National Issue

photo of whale tail
How do you record the ocean soundtrack? With a hydrophone! Postdoctoral researcher Dr. Jenni Stanley has been deploying hydrophones at several national marine sanctuaries in order to characterize their soundscapes. Learn more in our video!

Many marine organisms, including marine mammals, turtles, fish and invertebrates, rely on sound and hearing for their survival. In general, sound can be perceived over greater distances than sight or smell underwater, and sound is the primary way that many marine species gather and understand information from other organisms and their environment in the ocean. NOAA and the Office of National Marine Sanctuaries' approach to managing ocean noise aims to reduce negative physical and behavioral impacts to species, as well as conserve the acoustic quality of their habitats.

Increasing human activity within our oceans over the last 100 years has also meant increasing levels of noise. Sources of underwater noise include merchant shipping traffic such as container ships and tankers, smaller recreational and commercial vessels, sonar and explosions used in military defense operations, pile drivers and dredging used in marine construction, airguns and other seismic sources used in energy exploration, active acoustic sources used in research activities, explosions used for platform removals, and introduction of noise from air and land sources such as roads and overflights. The increasing amount of noise from anthropogenic sources is a rising concern due to its potential to negatively impact marine ecosystems and organisms in several ways.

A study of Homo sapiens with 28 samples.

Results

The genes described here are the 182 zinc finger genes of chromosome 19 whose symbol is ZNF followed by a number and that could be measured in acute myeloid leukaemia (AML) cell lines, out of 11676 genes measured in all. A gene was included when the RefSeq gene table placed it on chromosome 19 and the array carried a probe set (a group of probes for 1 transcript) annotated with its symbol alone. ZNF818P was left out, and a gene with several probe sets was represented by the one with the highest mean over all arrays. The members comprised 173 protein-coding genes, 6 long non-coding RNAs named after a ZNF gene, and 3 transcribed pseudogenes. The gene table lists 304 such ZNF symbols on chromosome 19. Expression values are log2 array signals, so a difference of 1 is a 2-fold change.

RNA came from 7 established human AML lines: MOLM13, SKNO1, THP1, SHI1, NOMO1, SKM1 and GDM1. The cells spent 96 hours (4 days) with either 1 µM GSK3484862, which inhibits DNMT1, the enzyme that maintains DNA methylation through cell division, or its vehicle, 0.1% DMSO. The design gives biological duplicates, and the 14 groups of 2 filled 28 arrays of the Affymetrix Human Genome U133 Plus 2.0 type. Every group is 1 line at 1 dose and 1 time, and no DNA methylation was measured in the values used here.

diagram showing examples of noise in the ocean and instruments that measure noise levels
A mooring containing a hydrophone was deployed in Cordell Bank National Marine Sanctuary in October 2015. Watch this video to see its deployment and to learn more about the importance of monitoring noise in our oceans!

Scientific research suggests that anthropogenic noise can reduce opportunities for animals to hear sounds used for navigation, finding food, finding mates, and avoiding predators. Additionally, increased background noise can impact communication, such as the type of communication between mothers and offspring, or communication used in group dynamics. Noise can also alter behavior and result in lower chances of survival and reproduction for marine organisms. Lastly, noise from acute sound sources can cause physical injury in the form of temporary or permanent hearing loss or tissue damage.

ONMS is working to understand long term changes in noise levels (both anthropogenic and natural noise) within the National Marine Sanctuary System. We are currently developing a program to build a network of noise monitoring stations that collect multiyear, continuous and comparable data to detect changes and establish baselines across the sanctuary system.